Getting that zing back

Supermarkets and drugstores offer supplements, candy bars, potato chips and other snacks with supposedly energizing vitamins, herbs and stimulants. Sales of caffeine-charged energy drinks have doubled since 2004, despite — or maybe because of — the waning economy. All of which raises the question: Why are Americans so tired?
According to the editors of Consumer Reports On Health, one answer is that while newer “energy” products, as well as the traditional cup of coffee, may give you a temporary buzz, they can leave you feeling more fatigued in the long run. Another is that many of us are just too busy, and our 24/7 access to entertainment and information can also be an energy drain.
Here is Consumer Reports On Health’s practical, proven advice on how to get your zing back:
Slow down to sleep right
Much of our national energy deficit stems from a simple lack of sleep. Nearly 50 percent of the people in a 2008 national survey conducted by the Consumer Reports National Research Center said they frequently had trouble falling asleep or staying asleep, or regularly woke up too early. Here are some approaches for getting a good night’s sleep.
Fight busyness. It’s no surprise that the more harried we are the less we sleep and the more tired we feel. So as much as possible, try to eliminate nonessential activities from your day — and night. Instead of drinking a cup of coffee so you can stay up to watch late-night TV, for example, take some time to relax before bed.
Adopt good habits. Other steps that can lead to more and deeper sleep include turning off the TV before you fall asleep; getting up at the same time every day, even on weekends; increasing your activity in the afternoon; getting outdoors more during the daytime and increasing your exposure to bright, indoor light; and avoiding alcohol, caffeine, exercise and nicotine in the evening.
Nap. A 15- to 20-minute nap can boost mental and physical performance as well as mood, and it usually doesn’t interfere with nighttime sleep. However, if you have trouble falling asleep at night or sleep fitfully, keep your naps short and take them before 3 p.m.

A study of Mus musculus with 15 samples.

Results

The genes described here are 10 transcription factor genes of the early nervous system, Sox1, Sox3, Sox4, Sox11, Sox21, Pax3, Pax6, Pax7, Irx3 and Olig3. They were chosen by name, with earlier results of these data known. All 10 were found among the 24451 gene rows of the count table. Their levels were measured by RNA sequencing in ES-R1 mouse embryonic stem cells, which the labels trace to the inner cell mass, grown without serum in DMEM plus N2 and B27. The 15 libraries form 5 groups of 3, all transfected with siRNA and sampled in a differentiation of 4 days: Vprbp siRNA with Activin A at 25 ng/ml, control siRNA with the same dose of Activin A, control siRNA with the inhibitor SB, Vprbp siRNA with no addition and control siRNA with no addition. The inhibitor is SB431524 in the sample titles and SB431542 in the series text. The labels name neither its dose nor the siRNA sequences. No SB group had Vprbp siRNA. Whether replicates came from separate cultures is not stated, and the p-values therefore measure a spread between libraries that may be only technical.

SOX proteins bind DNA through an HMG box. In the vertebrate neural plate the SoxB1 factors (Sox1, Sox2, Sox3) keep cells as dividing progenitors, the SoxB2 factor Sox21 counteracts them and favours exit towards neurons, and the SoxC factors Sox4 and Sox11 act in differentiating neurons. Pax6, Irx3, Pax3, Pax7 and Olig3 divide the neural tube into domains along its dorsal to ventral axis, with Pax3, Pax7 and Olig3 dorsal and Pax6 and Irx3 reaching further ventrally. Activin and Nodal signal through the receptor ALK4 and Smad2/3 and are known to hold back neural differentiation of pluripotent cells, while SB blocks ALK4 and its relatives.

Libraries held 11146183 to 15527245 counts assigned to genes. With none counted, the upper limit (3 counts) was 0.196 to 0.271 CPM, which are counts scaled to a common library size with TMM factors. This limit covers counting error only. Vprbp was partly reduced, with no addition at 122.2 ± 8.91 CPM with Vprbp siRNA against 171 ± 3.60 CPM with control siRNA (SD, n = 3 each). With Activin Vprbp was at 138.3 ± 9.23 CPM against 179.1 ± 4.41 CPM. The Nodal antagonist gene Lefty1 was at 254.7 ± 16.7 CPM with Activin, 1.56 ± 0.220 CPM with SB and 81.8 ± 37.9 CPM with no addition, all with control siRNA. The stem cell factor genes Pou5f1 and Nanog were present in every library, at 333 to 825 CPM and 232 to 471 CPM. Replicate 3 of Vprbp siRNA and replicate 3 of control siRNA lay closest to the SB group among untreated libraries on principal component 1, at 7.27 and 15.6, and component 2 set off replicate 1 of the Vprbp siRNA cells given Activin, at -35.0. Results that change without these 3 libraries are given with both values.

Use the right drugs. Sleeping pills should be reserved for people seeking short-term help for a bout of sleeplessness stemming, for example, from international travel or temporary stress. In those cases, people could consider an over-the-counter sleep aid containing the antihistamine diphenhydramine (Nytol, Sominex and generic), since one of the side effects of that medication is sleepiness.
Pump Up Nutrition
Dietary strategies and lifestyle habits can provide a lasting benefit in the battle against fatigue. Consumer Reports On Health recommends the following:
Start strong. People who skip breakfast are more likely to feel tired and irritable than those who don’t, while breakfast eaters tend to be more productive, concentrate better, and have greater strength and endurance. Choose foods that combine complex carbohydrates, protein, and a small amount of fat to release energy gradually over the entire morning.
Power snack. A well-balanced and well-timed mini-meal such as fruit, low-fat cheese, and whole-grain crackers will supply more sustained energy than an energy drink or candy bar.
Burn energy to build it. Expending energy in physical activity can actually generate more. A study of female college students, for example, found that just 10 minutes of moderate exercise elevated both their energy level and mood.
Get checked out. A simple blood test can check for iron-deficiency anemia and other common medical causes of fatigue, including a liver or thyroid condition or an underlying infection. Other energy depleting conditions include sleep disorders such as restless legs syndrome and sleep apnea, as well as diseases of the heart and lungs, rheumatoid arthritis, and sometimes even cancer. In many cases, better treatment of those problems can boost your overall energy level.